The first time Moises Hernandez tasted mole, he was 10-years-old at a little food stand called Grandma’s outside of a supermarket in Mexico. “It was really spicy,” he says with a laugh. So when present-day Hernandez developed the menu for La Cocina Mesa, a new Mexican restaurant in La Costa, he put a personal and milder twist on the traditional mole negro recipe.

Popular throughout Oaxaca, the state alone counts at least seven types of moles. In Mexico, “We have so many different moles [in Mexico]we have mole amarillo, negro, rojo,” says executive chef Hernandez.

Mole’s origin story varies depending on who you talk to. Some say it traces back to Indigenous women who hand-ground native ingredients for consumption, though aren’t certain that what they were making was mole specifically. Others suggest the ingredients came together in the Catholic Church, where nuns would make sweets and moles to sell using a blend of Indigenous chiles, chocolate, tomatoes, and Spanish imports like sesame seeds and cinnamon.

la cocina, chef

In its most basic form, typical mole sauce usually includes a mix of chiles, spices, fruits, nuts, and seeds. Inky, dark mole negro includes a bit of chocolate while mole amarillo (yellow) nixes it. Mole rojo features several red chiles like pasilla, guajillo, and ancho. There’s also the pepita (pumpkin seed) and tomatillo-driven green mole verde. When one considers unique family recipes, there are regional styles of the dish that reveal nuances.

With La Cocina Mesa, Hernandez gets to showcase his own version of mole, which he estimates takes at least 12 hours to prepare, and more ingredients than a college student typically keeps in their fridge.

Several hours are needed to first prepare and reduce the chicken stock, and to add dried guajillo and ancho chiles until they soften. Then onions, garlic, and plátano macho (plantains) sautéed in a pan. In a separate pan, pepitas, sesame seeds, and whole cinnamon sticks toast in another. It smells divine.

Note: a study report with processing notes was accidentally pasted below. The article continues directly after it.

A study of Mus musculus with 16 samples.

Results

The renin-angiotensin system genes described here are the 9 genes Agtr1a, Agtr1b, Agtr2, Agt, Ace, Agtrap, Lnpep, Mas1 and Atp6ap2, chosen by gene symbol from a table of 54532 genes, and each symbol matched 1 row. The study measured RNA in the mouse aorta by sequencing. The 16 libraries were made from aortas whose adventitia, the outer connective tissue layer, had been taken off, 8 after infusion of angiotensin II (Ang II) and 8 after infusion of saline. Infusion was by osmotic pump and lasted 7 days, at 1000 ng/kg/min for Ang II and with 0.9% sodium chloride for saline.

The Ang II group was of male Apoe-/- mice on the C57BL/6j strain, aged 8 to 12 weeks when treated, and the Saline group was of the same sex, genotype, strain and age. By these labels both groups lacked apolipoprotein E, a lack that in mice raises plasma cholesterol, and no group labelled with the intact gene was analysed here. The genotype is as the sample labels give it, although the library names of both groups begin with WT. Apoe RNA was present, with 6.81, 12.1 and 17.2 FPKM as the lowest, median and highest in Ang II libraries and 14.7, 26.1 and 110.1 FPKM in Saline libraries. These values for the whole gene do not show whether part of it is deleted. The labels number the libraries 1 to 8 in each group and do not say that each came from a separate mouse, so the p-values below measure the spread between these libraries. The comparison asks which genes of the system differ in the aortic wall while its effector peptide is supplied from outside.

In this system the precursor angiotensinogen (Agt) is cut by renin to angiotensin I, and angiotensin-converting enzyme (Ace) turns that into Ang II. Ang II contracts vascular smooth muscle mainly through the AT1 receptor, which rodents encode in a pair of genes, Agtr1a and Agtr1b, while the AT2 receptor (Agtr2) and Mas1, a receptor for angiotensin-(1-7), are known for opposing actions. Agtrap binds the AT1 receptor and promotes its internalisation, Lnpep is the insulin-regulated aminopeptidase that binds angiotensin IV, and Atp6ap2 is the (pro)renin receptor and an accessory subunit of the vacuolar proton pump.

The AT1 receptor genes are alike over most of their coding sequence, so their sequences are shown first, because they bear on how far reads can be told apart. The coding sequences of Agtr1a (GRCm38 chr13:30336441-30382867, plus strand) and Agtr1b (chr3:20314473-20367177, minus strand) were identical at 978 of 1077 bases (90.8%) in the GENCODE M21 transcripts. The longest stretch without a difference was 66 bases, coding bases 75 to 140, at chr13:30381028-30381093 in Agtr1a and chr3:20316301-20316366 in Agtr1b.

Next comes the blending: Chicken stock, chiles, sauteed and pan-toasted goods, plus cumin, coriander, oregano, and other spices. All of that is then simmered along with Abuelita’s chocolate for five to six hours.

According to Hernandez, it’s common for some recipes to include tortillas or flour as a thickening agent, though he forgoes this step for La Cocina Mesa’s version. By the time it’s ready to plate over chicken with a side of rice, beans, and pickled red onion garnish the complex, aromatic mole sauce is equal parts earthy, mildly sweet and spicy.

Hernandez’s path to his own mole recipe started years ago—though he wasn’t always sure that cooking in restaurant kitchens would be his profession. He moved to San Diego from Mexico in 1994 and cashiered part-time at Jack in the Box during his high school days at Torrey Pines High in Del Mar.

Later, he nabbed a gig at The Bridges at Rancho Santa Fe’ snack bar making sandwiches and hot dogs for guests before working up to the pantry station. Within six months, he became a line cook. That’s when everything changed.

La Cocina, mole ingredients

“Every day was a new thing for me,” Hernandez recalls. There was always a new ingredient or cooking method or recipe to learn and different people to work alongside. And what Hernandez used to consider as just a job, was now something he could see as a career. A part-time role as a cook at Tinleaf Fresh Kitchen in La Costa would evolve into a full-time role with its restaurant group, Fresh Kitchen Hospitality.

“This is me, this is what I want to do,” Hernandez says of his love of cooking. It’s an act of love. A decade and change later, Hernandez now leads the kitchen teams of Grant and Jenny Gottesman’s restaurants, including: Newly minted La Cocina Mesa which is based on the staff’s family recipes from Mexico, Mediterranean-inspired Black Rail Kitchen + Bar, and breakfast spot Beach Plum Kitchen. All four restaurants are located in Plaza Paseo Real Shopping Plaza.